Guide to Filing Taxes as an Independent Contractor
New to being an independent contractor? Here’s what you need to know about taxes.
Being an independent contractor or gig worker comes with more flexibility. It also comes with new tax responsibilities.
At a high level, the IRS considers you an independent contractor, and therefore self-employed. You are paid for the result of your work, not for how or when you do it. The “self-employed” status generally translates into higher tax rates and more cumbersome tax filing. But it also generates some potential new tax deductions.
Let’s walk through some things you need to know about taxes as an independent contractor.
You’ll be paying a new tax: self-employment tax
If you’re self-employed, you pay self-employment tax (approximately 15% of your net business income) and federal income tax directly to the IRS. The self-employment tax includes Social Security and Medicare taxes. This generally means that you’ll pay a higher tax rate.
Quarterly estimated tax payments
You probably need to make quarterly tax payments to the IRS. This is especially important if you believe you’ll owe more than $1,000 in income tax when you file. These payments represent an estimate of what you will owe in taxes for a given year based on your projected income and deductions. They are typically due to the IRS on April 15, June 15, September 15, and January 15. These payments can be a big burden for new contractors, as you are now responsible for withholding your own taxes on income and paying them at the appropriate times. It’s important to pay throughout the year so you don’t end up short on cash or with a tax penalty at tax time. The IRS has more information on determining and paying your quarterly estimated tax payments.
New tax forms
You’ll generally receive and use new tax forms. As an independent contractor, you need to file your own business taxes on Form 1040 (the standard tax return). You’ll use a Schedule C to report income and expenses and a Schedule SE to determine your self-employment tax. You may need to fill out new state and local tax forms as well.
Whenever you receive $400 or more of income, you should receive a Form 1099 (instead of a W-2 for employees) at tax time that you must report when filing your income taxes. However, you may not always receive official tax forms to track your income. You are still liable to report all of your income, so you’ll need to keep your own records. See the IRS’s Tax Guide for Small Business for more information on federal tax laws and the self-employed.
Tracking your income and documenting your expenses
Being self-employed requires a lot of organization and documentation. You need to set up financial systems for tracking your income, documenting your expenses, regularly setting aside money for taxes, and paying your estimated tax bills on time.
You may start with a simple Excel spreadsheet for tracking your business finances. If it’s getting too complicated, consider budgeting software like QuickBooks or Quicken or expense trackers like Expensify or Stride. Carefully track your expenses to maximize your eligible tax deduction and minimize your tax liability.
From the start, establish a separate savings account for your taxes. Set aside at least 20% of your income in that account to be able to pay your taxes on time and in full.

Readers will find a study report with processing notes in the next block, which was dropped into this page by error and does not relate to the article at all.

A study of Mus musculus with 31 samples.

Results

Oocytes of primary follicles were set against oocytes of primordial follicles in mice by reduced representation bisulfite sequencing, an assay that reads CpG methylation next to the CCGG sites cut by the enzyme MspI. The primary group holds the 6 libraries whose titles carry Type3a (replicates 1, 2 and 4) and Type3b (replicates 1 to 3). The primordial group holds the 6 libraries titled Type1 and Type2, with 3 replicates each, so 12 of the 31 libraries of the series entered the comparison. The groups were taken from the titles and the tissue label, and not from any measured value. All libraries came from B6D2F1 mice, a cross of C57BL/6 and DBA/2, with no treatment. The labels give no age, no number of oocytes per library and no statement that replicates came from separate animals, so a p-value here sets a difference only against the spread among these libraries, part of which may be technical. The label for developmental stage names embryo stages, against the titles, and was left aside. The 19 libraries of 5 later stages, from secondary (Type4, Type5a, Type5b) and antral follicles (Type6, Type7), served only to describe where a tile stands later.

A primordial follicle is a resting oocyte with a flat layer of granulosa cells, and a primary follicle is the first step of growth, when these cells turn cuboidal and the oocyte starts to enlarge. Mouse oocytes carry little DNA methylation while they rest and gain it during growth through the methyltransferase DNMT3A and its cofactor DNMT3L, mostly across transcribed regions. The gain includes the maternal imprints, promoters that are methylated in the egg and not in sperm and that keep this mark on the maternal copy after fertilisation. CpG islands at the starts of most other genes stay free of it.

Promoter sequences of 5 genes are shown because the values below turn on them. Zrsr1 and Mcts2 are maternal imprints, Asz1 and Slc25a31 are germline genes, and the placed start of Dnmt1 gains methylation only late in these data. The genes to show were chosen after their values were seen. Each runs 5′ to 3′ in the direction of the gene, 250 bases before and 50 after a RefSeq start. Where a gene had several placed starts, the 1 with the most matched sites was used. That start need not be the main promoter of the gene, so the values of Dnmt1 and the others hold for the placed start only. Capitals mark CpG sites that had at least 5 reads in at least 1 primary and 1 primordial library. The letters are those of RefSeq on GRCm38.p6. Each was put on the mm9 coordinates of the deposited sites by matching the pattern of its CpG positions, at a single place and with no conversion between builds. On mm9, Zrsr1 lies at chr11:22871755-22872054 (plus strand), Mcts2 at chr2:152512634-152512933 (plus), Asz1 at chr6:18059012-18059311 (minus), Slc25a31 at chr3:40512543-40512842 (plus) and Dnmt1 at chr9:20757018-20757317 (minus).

You may be able to get some new tax breaks from business-related deductions to reduce your federal income tax obligation. Along with the new tax responsibilities of being an independent contractor come a few tax benefits. Namely, expenses that might otherwise be considered “personal” can be deducted as business expenses. These include services, items, or amenities you use for business purposes. Some common examples are phone and internet, office supplies, use of your personal vehicle, a portion of rent, certain meals, and health insurance.
Business deductions effectively reduce your business’s taxable income and could lower how much you owe in federal income tax. But deductions have their limits. To understand the rules of deducting business expenses, see this guide from the IRS.
Is an accountant right for you?
You may want to hire an accountant to protect yourself. A certified public accountant will understand how federal taxes work. They can help you manage your new responsibilities, avoid costly mistakes and tax problems, take advantage of available deductions, make filing your taxes easier, decrease your overall tax liability, and safeguard the health and longevity of your business. While an accountant is an extra cost, it can also provide peace of mind and might be a worthwhile expense.
Saving for retirement
When you are feeling established as an independent contractor, consider starting a retirement account. Self-employed people have some unique options when it comes to retirement savings that aren’t available to employees. A SEP-IRA is one option. It allows self-employed people to set aside significantly more than in other accounts, providing you with deductions on your tax return while building your retirement savings. It’s wise to consult a financial planning professional before making investment decisions. I would recommend a fee-only advisor (who is compensated directly by you for advice).
More resources for independent contractors
Christi Baker is a nationally recognized financial educator and coach who has 25 years of experience building financial health with individuals and through community-based organizations. She believes in allowing personal values and vision to the lead the journey to financial health alongside the right tools, support, and resources.